Make Beer the Official Beverage of Washington State

Look, I know that down in Olympia the Washington State Legislature has more important things to do than pass a law making beer the official state beverage. Why then would they take the time to make coffee our official state beverage? That’s exactly what Barbara Bailey, a Republican House member from Oak Harbor, seeks to do. At the behest of a group of local high school students, Bailey and others have submitted a bill to make coffee Washington’s official state beverage: House Bill 1715. (Read the bill in PDF format.)

Beer would be a much more appropriate state beverage. I know that it sounds like a joke, but this is actually a rather serious matter. I have valid reasons why Washington should be the first state in the country (as far as I can tell) to have beer as its official beverage.

  • Hops are a huge component of our state’s agricultural profile. Washington is the top hop-producing state in the country. Not by a little, but by a huge margin. In fact, all of the ingredients required to produce beer are grown in Washington.
  • We currently have 137 breweries in Washington. The number of breweries increases regularly. I haven’t checked in a few weeks, so we may well have 140 by now. It is indisputably one of the only industries currently experiencing growth.
  • Craft beer is growing in popularity and breweries are now popping up in the most unlikely places across the entire country. For us, this is nothing new. Thirty years ago, when there was no such thing as a craft beer industry, Washington was at the forefront of what would become the craft beer revolution. We were a hot bed of craft beer before most of the country had ever heard of craft beer.
  • Washington is the only state in the country that has an official Beer Commission. Established by the Washington State Legislature in 2006, the Washington Beer Commission is the only commodity commission of its kind in the entire country. Obviously, the Washington State Legislature recognizes what a valuable commodity beer is to our state’s economy.

While some people may question the morality of having beer be the official state beverage, I would suggest that coffee offers no moral high ground. At least Washington has laws intended to keep beer out of the hands of teens and children. The fact that a group of high school students want coffee to be our state beverage should tell us something. I’m not sure exactly what, but I’m pretty sure it isn’t good.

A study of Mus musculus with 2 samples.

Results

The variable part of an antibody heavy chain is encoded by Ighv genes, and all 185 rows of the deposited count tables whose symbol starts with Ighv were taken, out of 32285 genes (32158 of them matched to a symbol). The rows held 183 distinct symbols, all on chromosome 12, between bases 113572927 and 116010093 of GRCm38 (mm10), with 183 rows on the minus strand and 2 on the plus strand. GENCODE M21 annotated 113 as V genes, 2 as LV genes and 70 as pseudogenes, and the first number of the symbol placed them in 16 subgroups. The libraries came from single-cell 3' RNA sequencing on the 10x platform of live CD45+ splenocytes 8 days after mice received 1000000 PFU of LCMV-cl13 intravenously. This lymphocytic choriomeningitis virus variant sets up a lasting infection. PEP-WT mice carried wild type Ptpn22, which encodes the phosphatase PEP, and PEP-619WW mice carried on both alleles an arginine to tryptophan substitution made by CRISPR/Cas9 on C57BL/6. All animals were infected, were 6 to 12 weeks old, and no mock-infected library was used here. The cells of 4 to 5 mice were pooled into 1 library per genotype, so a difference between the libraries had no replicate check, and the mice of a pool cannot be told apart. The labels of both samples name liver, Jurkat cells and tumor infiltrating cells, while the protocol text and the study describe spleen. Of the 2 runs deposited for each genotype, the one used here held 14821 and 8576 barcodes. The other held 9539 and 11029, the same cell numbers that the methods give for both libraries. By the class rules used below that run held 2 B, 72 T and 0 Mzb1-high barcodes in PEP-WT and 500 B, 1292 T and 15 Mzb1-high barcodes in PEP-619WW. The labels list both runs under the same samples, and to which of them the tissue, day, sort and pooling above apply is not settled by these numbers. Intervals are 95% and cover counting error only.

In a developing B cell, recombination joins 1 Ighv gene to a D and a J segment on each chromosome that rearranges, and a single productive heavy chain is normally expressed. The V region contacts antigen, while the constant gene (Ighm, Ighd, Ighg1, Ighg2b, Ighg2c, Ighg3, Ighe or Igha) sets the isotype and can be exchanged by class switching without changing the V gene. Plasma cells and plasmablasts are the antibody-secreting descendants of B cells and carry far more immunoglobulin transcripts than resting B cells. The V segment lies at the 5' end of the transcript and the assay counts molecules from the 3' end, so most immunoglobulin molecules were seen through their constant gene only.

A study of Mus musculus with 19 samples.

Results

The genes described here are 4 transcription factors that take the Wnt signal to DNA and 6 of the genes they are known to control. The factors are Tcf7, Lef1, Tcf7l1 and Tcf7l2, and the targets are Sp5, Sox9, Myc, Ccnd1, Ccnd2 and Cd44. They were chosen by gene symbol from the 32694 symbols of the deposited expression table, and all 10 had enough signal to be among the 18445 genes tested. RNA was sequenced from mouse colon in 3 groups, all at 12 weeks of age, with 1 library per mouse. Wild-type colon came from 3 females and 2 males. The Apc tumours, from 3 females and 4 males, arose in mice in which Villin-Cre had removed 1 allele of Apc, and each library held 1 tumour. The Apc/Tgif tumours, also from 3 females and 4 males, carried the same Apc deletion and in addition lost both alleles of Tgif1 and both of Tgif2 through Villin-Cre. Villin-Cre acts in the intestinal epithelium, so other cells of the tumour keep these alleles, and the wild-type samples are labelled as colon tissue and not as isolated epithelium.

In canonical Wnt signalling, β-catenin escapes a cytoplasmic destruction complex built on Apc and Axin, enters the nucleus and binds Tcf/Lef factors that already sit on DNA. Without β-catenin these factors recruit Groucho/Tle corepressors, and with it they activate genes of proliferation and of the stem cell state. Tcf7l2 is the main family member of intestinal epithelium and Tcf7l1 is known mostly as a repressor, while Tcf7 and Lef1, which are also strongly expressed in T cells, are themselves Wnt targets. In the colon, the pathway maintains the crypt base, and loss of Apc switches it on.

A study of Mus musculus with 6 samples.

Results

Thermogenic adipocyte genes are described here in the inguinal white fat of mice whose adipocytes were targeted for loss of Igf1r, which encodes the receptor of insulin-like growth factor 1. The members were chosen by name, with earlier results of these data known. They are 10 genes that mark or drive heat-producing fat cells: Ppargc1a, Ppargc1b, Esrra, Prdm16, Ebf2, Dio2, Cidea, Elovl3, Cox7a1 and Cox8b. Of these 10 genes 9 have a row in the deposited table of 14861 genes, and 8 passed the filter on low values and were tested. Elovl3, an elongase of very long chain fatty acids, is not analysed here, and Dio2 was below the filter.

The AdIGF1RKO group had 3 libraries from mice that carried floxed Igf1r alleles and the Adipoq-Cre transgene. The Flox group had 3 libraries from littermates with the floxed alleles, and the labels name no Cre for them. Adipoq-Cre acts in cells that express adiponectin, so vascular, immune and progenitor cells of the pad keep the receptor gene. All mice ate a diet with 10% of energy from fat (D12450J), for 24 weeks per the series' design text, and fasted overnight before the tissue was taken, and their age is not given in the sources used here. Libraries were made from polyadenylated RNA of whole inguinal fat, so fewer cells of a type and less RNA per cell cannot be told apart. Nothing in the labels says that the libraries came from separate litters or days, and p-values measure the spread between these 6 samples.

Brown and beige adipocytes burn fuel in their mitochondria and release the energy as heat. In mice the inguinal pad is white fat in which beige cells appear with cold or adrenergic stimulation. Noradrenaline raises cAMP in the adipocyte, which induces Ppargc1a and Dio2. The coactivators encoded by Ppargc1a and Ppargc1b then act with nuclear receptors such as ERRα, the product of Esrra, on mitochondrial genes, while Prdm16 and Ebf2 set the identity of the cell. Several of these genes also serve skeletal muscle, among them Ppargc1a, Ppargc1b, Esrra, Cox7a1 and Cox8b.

Go to this website to locate your representatives. Send them a message requesting that they consider this decision carefully. For the reasons stated above, I intend to request that House Bill 1715 only be passed if it is modified to make beer the official state beverage.


  2. I don’t see any wine geeks trying. I would be foolish if I failed to admit that Washington is a prolific producer of wine. I would argue that there is nothing special about our place in the world of wine other than volume.

    Don’t get me wrong: I admit that the wine folks might have an argument against beer, but wine does not go nearly as well with fish and chips.

  3. Oh I’m not saying we should recognize wine over beer. Certainly we make some of the best beer in the country, we grow the most hops, and we have some of the oldest of the ‘new’ generation of micros. That’s worth honoring. But this is just the sort of thing that gets industry groups all huffed up. I can see the WA Wine Commission and Starbucks getting involved. Wine and Coffee will raise a fuss and I see annoyed, busy legislators just throwing their hands up rather than offend competing donors.

    Also, just for kicks I did a quick check to see if anyone else had beer as their state’s beverage. No, but a trend seems to emerge. Only Alabama has an alcoholic state beverage, and it looks like half the states have milk as their beverage. You’d think Kentucky would have bourbon, Tennessee would have whiskey, and so on, but they don’t. So if this moves forward my guess is you’ll probably get resistance to the idea of “officially recognizing a state alcohol” from the usual camps; religious groups, MADD, etc..

  4. Russell, good points. With the exception of MADD, I would expect (hope) that those groups would also offer the same resistance to any efforts threatening to make coffee our state beverage. As I said, at least we have laws regulating who can drink beer.